BMI & Nutrient Shortfalls

Feb 09, 2022

BMI & Nutrient Shortfalls


Normal Weight



Vitamin D




Vitamin E












Vitamin A




Vitamin C




America is in the midst of a nutrition crisis that has yet to be fully addressed.

  • According to the Centers for Disease Control and Prevention, more than 67 percent of Americans are overweight or obese.2
  • Data from the government’s National Health and Nutrition Survey (NHANES) show that most people have problems meeting recommended nutrient intake for vitamins A, C, D, and E, magnesium and calcium.2

Current dietary and lifestyle choices have led to a growing gap between the amount of nutrients people should consume and the actual nutrients they are consuming.

  • As the graphic demonstrates, the latest information from NHANES reveals that shortfalls in key nutrients are higher for those Americans with higher body weights.
  • Those who are obese are most likely to have shortfalls in their intake of vitamins D, E, A and C, as well as magnesium and calcium.3

Nutrient shortfalls left unaddressed have the potential to lead to chronic diseases such as osteoporosis4, which may increase healthcare costs.

  • The Healthy Eating Index is a measure of diet quality based on how many servings of food from various food groups are eaten. Regardless of weight status, American adults score about 50 out of a possible 100 points.3 This shows that most people need to make significant changes in how they eat to meet nutrient goals.
  • In addition to making more nutrient-rich food choices, nutrient shortfalls may also be addressed by including dietary supplements, which provide important nutrients without added calories. A healthy diet, physical activity and dietary supplements together can encourage a healthy lifestyle that meets nutrient needs.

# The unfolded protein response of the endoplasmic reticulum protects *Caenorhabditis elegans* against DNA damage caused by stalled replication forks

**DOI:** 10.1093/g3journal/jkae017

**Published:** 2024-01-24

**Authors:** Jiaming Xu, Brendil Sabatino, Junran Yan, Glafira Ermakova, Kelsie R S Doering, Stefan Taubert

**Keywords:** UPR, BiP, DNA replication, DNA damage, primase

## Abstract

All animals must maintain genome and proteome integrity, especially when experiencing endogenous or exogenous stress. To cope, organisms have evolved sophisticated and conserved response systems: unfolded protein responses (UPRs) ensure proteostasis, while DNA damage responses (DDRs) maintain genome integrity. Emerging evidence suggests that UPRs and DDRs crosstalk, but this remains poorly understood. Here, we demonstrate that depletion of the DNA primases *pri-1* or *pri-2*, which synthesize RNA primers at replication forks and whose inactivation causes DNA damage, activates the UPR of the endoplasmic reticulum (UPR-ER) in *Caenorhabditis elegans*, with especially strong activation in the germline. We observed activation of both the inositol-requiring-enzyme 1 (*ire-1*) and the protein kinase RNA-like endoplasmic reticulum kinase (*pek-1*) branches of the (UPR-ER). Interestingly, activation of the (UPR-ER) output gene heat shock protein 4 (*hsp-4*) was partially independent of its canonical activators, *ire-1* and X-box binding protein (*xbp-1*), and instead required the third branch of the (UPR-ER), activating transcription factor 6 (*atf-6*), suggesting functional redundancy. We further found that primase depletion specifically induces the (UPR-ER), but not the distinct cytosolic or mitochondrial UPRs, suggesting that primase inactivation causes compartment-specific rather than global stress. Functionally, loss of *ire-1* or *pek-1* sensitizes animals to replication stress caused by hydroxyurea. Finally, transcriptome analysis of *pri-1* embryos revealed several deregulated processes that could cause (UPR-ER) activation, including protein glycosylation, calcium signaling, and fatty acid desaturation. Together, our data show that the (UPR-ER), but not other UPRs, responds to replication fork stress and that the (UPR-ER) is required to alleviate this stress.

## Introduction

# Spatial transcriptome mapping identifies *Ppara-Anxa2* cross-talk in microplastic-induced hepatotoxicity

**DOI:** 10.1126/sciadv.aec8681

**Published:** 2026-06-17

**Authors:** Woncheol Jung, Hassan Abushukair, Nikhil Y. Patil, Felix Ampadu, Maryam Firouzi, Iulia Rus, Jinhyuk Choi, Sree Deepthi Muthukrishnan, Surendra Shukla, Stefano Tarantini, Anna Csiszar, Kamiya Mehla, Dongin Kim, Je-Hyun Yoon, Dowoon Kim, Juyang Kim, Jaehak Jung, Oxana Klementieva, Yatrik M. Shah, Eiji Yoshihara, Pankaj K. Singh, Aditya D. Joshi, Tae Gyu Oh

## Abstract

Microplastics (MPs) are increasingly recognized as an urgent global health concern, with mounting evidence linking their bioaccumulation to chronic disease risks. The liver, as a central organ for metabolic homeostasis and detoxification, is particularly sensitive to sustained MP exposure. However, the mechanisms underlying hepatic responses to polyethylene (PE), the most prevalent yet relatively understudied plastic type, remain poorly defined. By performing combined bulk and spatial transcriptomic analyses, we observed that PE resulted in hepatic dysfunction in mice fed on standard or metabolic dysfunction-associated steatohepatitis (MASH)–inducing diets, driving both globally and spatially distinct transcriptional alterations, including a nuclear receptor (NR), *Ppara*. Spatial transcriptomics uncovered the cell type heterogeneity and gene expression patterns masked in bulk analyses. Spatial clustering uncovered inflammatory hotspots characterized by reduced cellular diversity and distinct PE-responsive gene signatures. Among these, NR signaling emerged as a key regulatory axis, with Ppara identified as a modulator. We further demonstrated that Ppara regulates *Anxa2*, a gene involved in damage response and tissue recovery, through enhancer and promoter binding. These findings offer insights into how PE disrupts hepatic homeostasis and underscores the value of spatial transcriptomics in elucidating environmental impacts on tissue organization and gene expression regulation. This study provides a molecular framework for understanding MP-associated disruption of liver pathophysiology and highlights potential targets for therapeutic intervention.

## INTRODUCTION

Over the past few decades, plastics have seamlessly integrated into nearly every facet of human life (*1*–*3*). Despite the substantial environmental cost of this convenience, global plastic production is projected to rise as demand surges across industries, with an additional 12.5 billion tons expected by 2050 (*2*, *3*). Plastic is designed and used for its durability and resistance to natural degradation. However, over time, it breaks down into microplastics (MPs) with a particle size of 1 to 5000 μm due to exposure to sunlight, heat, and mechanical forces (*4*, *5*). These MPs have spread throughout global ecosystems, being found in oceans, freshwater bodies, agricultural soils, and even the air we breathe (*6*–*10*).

Source: NHANES 2001–20082

The National Health and Nutrition Examination Survey (NHANES) is a survey conducted by the Centers for Disease Control and Prevention (CDC). NHANES is designed to assess the health and nutritional status of adults and children in the United States. The survey is unique in that it combines interviews and physical examinations. The statistics reported in this fact sheet are based on the EAR, which is helpful for assessing individual population needs.

For more information visit:

Dietary Guidelines for Americans | |

National Institutes of Health MedlinePlus | medlineplus/nutrition.html

National Osteoporosis Foundation |

 Centers for Disease Control and Prevention |

1 Agarwal S, Reider C, Brooks JR, Fulgoni VL. Comparison of Prevalence of Inadequate Intake Based on Body Weight Status of Adults in the United States: An Analysis of NHANES 2001-2008. J Am Coll Nutr. 2015 Jan 7:1-9.

2 Centers for Disease Control and Prevention.

3 Fulgoni V. NHANES 2001-2008 analysis. 2011 unpublished.

4 Warensjo E, Byberg L, Melhus H, et al. Dietary calcium intake and risk of fracture and osteoporosis: prospective longitudinal cohort study. BMJ 2011;342:d1473.